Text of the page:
Remember when you had to line up rides to the airport the day before? Or have to ask all of your friends to help you move? That was the worst.
Luckily the Gig-Economy movement has arrived. Need a ride? Take an Uber. Need help moving, or some errands done around the house? Hire someone on TaskRabbit. Need someone to redo your website? Find a developer on Upwork.
These platforms saw a problem and built a virtual community to solve it. They work because they use technology to efficiently match customers with a lack of time or resources (demand), to people that have extra time or resources (supply).
Well in case you haven’t noticed, we have a major lack of resources in the manufacturing industry. Baby boomers are retiring, factories are getting technology upgrades, the jobs are becoming more sophisticated, and there’s no specialized talent in site. Manufacturers are running leaner than ever and God-knows that Staffing Agencies aren’t going to solve this problem.
In theory it should be an industry tailor-made for an “On-Demand/Gig-Economy type platform. But this industry is NOT like the other ones. Handshake deals, phone calls and personal references rule, and new solutions are looked at with a suspicious eye. But can we make a platform where finding resources is so convenient that it will be accepted by the manufacturing industry? As a born and bred entrepreneur, I found myself asking this same question.
Right now, the manufacturing industry is facing a big problem. Over the next 10 years, it’s estimated that 3.5 million manufacturing jobs will go unfilled. This is what is referred to as the “manufacturing skills gap.”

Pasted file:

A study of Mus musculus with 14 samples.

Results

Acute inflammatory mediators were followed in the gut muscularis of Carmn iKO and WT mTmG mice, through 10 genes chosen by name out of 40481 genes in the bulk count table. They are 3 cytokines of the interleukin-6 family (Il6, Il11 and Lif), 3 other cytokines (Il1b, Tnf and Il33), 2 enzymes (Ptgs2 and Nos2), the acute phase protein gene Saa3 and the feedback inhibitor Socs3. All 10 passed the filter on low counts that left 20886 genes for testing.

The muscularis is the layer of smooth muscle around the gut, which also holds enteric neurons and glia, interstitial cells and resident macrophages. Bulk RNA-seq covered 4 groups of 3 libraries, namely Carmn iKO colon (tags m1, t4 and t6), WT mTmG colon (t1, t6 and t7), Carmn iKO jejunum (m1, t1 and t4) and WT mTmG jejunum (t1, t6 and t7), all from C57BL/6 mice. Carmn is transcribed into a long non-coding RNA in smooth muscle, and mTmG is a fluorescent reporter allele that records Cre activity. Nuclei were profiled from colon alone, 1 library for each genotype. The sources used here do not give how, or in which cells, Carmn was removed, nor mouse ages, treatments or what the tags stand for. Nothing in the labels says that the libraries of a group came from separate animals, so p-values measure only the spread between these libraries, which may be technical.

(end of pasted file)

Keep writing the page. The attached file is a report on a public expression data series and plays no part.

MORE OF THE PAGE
Skilled industrial workers are set to retire, and Millennials are pursuing careers in other industries other than manufacturing.
Businesses are now having to figure out ways to balance the knowledge and experience of the baby boomers, while also attracting those who are prepared to become tomorrow’s workforce. But will it be enough?
There is no easy solution to this problem. Even companies like GE are launching humorous TV campaigns targeted to Millennials to sell them on the industry.
So, how can the Gig-Economy help fill in the labor gaps?
Well, turns out that manufacturing is not the only industry facing this problem. The Accenture Strategy 2016 US College Graduate Employment Study found that today’s graduates “are wary of large companies”. Only one in seven graduates want to work for a large company in the traditional 9 to 5 sense.
Today’s graduates are pursuing other fields. They don’t necessarily want or need the stability of a full-time job. They are motivated by an ever-changing kind of work experience. Millennials who have grown up with technology and social media often find the gig economy appealing because it gives them a degree of control and flexibility not often found in the traditional 9 to 5.
It’s clear that in order to tackle the impending skills gap, manufacturers are going to need to jump on board with the gig economy. They’re just aren’t enough Millennials pursuing a full-time career in this industry. And the ones that are, don’t want to be pigeon-holed into a 9-5 experience.
Maybe the future of your workforce isn’t a full-time team that works 9 to 5 Monday thru Friday. Just maybe you will have a small team to tend to your core operations, and then have a button on your phone that summons on-demand, skilled talent for projects that pop up here and there in your facility.
Seem a little crazy? Yeah maybe, but then again so did pushing a button and having a random person pick you up in their car.
Patrick O’Rahilly is CEO of FactoryFix.com.